Norquist is the architect of the pledge many Republican politicians have taken never to hike taxes during their time in office. In the present Congress, 219 House members and 39 Senators have taken the Taxpayer Protection Pledge, according to Americans for Tax Reform.
Maryland Del. Anthony J. O’Donnell (R-Calvert, St. Mary’s), who lost a GOP leadership position in the House of Delegates last week, warned the audience to beware of a presidential run by Gov. Martin O’Malley (D).
Norquist said, “The Ryan plan was the fix for the problems we have.” It was unanimously supported by Republicans and it would fix the federal government, he said. “We have the solution, now we need to have the votes,” he said. Called the Path to Prosperity, Ryan’s budget plan would cut trillions in federal spending during the next decade.
Until the Republicans take control of the federal government, there is the short-term spending limit called the sequester, Norquist said, to cut $1.2 trillion in spending during the next 10 years. And the Republicans won’t budge on the issue, he said, because the result would be tax increases. “There is no compromise,” he said.
The House will remain Republican for the next 10 years, Norquist said. It is the Senate and the White House that have to be won to make fundamental changes in government, he said. In the last presidential election, “[Mitt] Romney forgot to win the election and [Barack] Obama won,” he said.
“Our team, the good guys, are united,” he said of Republicans. “What they want from central government is to be left alone,” he said. Some people want to be left along with their guns, their kids or their businesses. “We have a low-maintenance coalition,” he said.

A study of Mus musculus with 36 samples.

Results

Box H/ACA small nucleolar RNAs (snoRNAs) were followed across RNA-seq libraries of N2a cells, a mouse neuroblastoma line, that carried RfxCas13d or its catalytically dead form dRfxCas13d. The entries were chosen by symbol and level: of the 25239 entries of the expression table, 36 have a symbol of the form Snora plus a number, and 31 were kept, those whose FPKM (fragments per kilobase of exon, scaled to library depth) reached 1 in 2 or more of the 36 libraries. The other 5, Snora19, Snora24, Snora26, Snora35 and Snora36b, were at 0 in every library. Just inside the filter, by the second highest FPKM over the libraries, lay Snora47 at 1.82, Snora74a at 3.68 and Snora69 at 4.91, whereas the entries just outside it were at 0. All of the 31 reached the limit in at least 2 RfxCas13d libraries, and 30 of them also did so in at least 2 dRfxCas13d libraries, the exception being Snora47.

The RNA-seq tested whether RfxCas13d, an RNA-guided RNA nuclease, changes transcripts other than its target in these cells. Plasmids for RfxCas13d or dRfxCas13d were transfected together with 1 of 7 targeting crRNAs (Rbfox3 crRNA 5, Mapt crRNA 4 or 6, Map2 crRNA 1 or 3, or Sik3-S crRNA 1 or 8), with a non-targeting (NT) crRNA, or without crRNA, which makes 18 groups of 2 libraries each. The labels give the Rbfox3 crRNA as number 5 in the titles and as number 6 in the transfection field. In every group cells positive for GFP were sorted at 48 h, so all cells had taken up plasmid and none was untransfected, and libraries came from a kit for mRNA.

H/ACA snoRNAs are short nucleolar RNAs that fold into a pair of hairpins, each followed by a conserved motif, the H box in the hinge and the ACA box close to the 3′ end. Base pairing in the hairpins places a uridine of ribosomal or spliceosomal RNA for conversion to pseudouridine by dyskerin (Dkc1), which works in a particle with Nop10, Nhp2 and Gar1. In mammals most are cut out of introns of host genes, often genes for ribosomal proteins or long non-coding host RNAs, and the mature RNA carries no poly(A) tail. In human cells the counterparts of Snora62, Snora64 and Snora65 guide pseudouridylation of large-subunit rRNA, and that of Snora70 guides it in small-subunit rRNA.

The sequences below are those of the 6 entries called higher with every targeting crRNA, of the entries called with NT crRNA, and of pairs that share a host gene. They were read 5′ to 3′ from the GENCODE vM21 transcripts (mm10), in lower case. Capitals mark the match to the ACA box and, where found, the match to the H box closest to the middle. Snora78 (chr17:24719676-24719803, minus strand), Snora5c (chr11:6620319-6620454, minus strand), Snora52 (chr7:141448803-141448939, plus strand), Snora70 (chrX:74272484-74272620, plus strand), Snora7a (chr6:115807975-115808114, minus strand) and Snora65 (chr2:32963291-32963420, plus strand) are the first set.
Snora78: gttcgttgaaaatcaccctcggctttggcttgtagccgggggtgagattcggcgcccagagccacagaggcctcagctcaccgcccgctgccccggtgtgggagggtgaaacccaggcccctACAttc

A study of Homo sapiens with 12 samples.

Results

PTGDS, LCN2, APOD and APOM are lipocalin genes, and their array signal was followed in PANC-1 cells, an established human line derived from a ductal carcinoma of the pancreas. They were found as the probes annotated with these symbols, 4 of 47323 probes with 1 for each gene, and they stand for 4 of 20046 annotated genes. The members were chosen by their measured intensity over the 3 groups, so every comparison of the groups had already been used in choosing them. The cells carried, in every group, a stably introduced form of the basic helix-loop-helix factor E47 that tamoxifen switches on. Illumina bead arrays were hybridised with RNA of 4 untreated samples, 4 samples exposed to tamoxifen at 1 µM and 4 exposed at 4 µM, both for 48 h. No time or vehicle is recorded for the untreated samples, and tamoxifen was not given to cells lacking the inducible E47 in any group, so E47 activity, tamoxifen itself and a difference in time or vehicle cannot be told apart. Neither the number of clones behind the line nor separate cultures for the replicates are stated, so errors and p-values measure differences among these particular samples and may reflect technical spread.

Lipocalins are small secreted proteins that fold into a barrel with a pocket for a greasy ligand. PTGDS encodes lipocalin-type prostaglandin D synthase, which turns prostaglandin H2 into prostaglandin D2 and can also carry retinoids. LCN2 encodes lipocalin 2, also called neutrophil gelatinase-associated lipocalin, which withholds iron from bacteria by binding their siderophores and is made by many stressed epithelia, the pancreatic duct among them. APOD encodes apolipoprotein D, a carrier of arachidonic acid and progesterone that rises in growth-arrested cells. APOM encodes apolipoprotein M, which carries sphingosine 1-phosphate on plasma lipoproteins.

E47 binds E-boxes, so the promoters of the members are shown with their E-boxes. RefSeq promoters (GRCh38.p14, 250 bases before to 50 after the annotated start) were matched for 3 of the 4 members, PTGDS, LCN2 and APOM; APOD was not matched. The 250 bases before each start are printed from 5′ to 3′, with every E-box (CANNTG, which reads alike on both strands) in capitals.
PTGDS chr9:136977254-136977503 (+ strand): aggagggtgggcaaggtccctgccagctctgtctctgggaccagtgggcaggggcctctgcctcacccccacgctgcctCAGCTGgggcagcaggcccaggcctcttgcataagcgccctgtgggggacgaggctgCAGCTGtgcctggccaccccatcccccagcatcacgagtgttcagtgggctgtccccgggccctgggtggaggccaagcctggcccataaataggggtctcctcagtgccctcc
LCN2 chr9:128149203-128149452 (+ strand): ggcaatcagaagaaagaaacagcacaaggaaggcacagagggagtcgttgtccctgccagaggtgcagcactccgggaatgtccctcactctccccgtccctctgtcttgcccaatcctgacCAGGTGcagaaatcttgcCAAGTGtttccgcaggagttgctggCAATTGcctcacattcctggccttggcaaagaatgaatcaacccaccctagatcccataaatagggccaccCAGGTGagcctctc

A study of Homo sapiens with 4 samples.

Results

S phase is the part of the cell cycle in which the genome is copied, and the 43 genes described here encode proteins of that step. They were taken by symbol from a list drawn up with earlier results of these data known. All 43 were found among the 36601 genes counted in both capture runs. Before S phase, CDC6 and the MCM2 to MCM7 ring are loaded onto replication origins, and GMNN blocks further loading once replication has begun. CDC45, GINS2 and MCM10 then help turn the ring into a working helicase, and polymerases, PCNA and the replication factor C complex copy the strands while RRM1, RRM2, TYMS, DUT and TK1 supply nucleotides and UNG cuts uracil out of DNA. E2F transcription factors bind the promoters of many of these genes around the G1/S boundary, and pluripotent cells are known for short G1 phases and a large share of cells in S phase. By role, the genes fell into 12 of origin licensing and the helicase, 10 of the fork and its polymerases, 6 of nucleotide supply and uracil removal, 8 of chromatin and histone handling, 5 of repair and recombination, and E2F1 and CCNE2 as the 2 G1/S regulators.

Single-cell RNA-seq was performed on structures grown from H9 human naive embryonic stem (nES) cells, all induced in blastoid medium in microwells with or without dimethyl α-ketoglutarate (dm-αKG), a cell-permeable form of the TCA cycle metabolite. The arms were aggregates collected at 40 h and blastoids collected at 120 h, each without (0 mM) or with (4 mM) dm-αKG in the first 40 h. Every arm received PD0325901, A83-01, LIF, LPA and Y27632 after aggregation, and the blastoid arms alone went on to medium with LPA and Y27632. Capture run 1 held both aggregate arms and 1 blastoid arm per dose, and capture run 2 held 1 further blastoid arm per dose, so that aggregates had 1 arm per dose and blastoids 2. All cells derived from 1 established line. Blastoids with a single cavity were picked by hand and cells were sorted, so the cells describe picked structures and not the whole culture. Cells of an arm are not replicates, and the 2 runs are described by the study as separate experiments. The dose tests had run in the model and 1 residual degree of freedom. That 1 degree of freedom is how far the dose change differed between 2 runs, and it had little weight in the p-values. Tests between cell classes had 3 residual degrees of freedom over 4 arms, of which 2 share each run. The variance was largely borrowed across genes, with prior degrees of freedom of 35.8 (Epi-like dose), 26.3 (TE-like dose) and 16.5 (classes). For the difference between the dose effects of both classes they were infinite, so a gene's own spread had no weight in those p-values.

The party of Hillary Clinton — the Democrats, Norquist said, is made up of trial lawyers, big city political machines, “coercive utopians” and “two wings of the dependency movement.” The left, he said, is not a coalition of friends and allies. “The left is made up of parasites. Don’t give them money. Let them fight themselves,” he said.
By opposing new taxes, “we stop throwing tax dollars in the center of that table. It begins to dwindle,” he said.
The brand of the Republicans is “the party that won’t raise your taxes,” Norquist said. “That starves the left. And if you’re not raising taxes, you reform government. We need to reform government.”
Under president George W. Bush, “every crisis led to more spending,” Norquist said. The tea party movement emerged in 2009 as a response to too much federal spending. “I had no idea it was going to be as successful as it was. It went to Congress is what it did,” he said.
O’Donnell received a standing ovation when he arrived. He spoke before Norquist and said it was “a rough week for me in Annapolis,” as he was replaced as the minority leader. “I fought for the right reasons and the vote was closely divided. I’m very much at peace and I’m proud of the work we’ve done,” he said.
He warned that St. Mary’s County may be next on the list to be subjected to new stormwater management fees, nicknamed the “rain tax.” It applies to 10 Maryland jurisdictions right now. “This guy has taxed us to death,” O’Donnell said of O’Malley. “This guy is taxing the rain that falls on our property,” he said.
O’Donnell called it a “sad day” that O’Malley is considered a candidate for president in 2016. “O’Malley could win that nomination,” he said. “Don’t count him out.”
Among the current elected officials in attendance at the Lincoln/Reagan dinner were St. Mary’s County commissioners Cindy Jones, Todd Morgan and Dan Morris, all Republicans, and Leonardtown Mayor Dan Burris.